Richard Marback will lead a Writing for Publication workshop for rhet/comp graduate students on at 1 PM, Friday, 11/13, in the 10th floor conference room (#10302). This is the first in a series of program workshops organized specifically around graduate student requests. All current rhet/comp students, as well as those who are interested in the program, are strongly encouraged to attend.
The second Rhetoric Reading Group Meeting of the Fall semester will take place at 3:30 PM, Friday, November 13. The location will be The Motor City Brewing Works (470 W. Canfield Street). Our text will be Bryan Garsten’s Saving Persuasion: A Defense of Rhetoric and Judgment (Harvard UP, 2006).
The latest issue of College Composition and Communication contains articles by two WSU rhet/comp faculty members. Issue 61.1 (September 2009) features Jim Brown’s “Essjay’s Ethos: Rethinking Textual Origins and Intellectual Property” and Gwen Gorzelsky’s “Working Boundaries: From Student Resistance to Student Agency.”
At 3:30 on 10/23, Daphne Brooks will present a talk entitled “Bring the Pain: Post-Soul Memory, Neo-Soul Affect and Lauryn Hill in the Black Public Sphere” as part of the 2009-2010 DeRoy Lecture Series. Brooks is an associate professor of English and African-American Studies at Princeton University where she teaches courses on African-American literature and culture, performance studies, critical gender studies, and popular music culture. She is the author of two books: Bodies in Dissent: Performing Race, Gender, and Nation in the Trans-Atlantic Imaginary (Duke UP, 2006), winner of the Errol Hill Award for Outstanding Scholarship on African-American Performance from ASTR, and Jeff Buckley’s Grace (New York: Continuum, 2005). She is the editor of The Great Escapes: The Narratives of William Wells Brown, Henry Box Brown, and William Craft, and The Performing Arts volume of The Black Experience in the Western Hemisphere Series. Brooks is currently also a contributing writer to The Nation where she has published articles on Beyonce and Amy Winehouse. She is currently working on a new book entitled Subterranean Blues: Black Feminist Musicial Subcultures from the Minstrelsy to the Post-Hip Hop Era (Harvard UP, forthcoming).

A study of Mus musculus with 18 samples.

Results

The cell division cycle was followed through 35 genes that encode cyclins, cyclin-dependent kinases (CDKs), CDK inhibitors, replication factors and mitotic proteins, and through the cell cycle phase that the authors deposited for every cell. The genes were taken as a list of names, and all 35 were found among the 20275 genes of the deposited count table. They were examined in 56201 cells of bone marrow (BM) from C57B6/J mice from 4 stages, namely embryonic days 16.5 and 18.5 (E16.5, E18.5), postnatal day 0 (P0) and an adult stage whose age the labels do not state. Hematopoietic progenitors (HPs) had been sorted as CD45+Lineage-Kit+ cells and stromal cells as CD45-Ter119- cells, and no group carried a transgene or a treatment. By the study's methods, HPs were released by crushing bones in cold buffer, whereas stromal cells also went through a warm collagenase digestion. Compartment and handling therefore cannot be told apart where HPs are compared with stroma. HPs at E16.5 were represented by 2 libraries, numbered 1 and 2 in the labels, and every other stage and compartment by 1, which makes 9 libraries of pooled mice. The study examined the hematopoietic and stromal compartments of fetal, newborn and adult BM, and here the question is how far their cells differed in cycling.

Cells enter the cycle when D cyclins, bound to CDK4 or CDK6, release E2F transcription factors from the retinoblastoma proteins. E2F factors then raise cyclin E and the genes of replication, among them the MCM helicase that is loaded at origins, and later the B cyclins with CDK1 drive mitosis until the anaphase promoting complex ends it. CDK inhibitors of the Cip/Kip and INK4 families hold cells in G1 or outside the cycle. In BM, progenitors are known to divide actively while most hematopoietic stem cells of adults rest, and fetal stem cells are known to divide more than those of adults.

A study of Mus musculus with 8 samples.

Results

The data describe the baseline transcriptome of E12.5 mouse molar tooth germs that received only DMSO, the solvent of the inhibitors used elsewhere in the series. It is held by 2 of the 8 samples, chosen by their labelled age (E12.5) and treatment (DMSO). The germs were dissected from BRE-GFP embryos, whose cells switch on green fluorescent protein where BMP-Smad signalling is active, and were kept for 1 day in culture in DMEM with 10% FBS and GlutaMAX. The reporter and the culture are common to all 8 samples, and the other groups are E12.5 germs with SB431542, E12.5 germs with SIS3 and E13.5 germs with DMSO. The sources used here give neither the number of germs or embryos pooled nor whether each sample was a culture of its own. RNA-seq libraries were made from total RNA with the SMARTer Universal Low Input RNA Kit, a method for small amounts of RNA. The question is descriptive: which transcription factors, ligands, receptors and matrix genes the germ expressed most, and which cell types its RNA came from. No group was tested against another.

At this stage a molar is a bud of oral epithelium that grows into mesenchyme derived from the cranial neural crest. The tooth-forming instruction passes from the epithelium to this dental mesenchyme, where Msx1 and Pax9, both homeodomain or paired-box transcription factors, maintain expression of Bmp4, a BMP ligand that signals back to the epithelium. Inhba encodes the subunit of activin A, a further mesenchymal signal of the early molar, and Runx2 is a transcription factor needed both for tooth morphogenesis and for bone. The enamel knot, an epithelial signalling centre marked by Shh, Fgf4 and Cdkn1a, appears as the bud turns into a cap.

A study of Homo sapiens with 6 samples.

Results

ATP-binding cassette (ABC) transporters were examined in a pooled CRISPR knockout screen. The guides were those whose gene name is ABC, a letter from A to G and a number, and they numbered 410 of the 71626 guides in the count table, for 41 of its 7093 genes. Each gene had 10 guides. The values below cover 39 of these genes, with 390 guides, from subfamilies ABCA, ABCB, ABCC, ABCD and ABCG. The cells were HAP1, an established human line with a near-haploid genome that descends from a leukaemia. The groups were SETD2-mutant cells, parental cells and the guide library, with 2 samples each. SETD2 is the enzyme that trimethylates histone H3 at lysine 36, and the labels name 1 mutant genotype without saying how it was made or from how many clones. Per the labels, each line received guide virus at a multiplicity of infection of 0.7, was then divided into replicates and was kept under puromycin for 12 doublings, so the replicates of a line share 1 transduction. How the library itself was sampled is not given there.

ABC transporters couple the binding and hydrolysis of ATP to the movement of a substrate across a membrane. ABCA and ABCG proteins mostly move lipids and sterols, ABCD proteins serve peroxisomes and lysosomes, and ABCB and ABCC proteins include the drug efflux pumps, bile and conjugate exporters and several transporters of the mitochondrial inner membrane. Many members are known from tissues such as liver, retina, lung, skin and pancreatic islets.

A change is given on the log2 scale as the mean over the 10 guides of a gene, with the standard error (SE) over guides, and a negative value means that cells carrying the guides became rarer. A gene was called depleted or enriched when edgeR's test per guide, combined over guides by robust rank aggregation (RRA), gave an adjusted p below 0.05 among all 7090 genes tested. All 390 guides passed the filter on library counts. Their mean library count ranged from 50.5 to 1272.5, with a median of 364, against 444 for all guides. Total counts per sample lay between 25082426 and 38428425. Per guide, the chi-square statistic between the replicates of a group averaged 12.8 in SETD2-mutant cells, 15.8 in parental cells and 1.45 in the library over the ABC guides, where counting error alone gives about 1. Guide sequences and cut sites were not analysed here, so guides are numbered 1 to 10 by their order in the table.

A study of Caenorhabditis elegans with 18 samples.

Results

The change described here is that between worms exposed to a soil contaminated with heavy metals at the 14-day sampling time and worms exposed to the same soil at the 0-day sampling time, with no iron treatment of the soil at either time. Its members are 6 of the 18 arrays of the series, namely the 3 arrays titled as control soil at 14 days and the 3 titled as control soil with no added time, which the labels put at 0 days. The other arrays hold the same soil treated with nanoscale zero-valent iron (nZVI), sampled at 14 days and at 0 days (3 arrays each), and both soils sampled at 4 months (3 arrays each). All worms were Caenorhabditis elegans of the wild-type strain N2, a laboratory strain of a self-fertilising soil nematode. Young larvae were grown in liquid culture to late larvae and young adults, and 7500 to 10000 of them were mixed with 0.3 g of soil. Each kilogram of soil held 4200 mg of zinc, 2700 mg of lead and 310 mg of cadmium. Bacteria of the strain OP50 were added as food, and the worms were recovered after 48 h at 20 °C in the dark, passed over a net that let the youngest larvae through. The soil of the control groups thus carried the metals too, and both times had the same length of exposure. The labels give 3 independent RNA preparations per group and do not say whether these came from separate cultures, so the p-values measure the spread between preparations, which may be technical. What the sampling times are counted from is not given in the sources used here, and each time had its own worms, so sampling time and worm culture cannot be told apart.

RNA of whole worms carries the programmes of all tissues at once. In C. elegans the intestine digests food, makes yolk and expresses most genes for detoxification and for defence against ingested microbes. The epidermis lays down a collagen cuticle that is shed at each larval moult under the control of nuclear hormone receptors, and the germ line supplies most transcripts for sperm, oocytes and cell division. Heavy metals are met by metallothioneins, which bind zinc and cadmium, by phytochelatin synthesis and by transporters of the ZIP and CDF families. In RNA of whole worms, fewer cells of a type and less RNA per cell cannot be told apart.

Professors Ellen Barton and Richard Marback will deliver a talk entitled “The Bodies of the Urban Public” as part of the Humanities Center Fall Symposium on “Representation of Health and Disease in the City” Friday, November 6. The conference runs from 9 AM until 5 PM at the McGregor Memorial Conference Center. Professors Barton and Marback’s presentation is scheduled from 1:55 until 2:20.
Two of the program’s graduate students will present talks at the 23rd Annual Conference of the Society for Literature, Science, and the Arts (November 5-8, 2009). As part of the panel “Decoding Use: Broken and Failed, Localized and Expansive,” Jared Grogan will deliver a talk entitled “Garbage, Gospel, and Gold: Decoding User Inputs in Climate Modeling” and Kimberly Lacey will deliver a talk entitled “Decoding Kryptos and the Failure of Human/Machine Interaction.”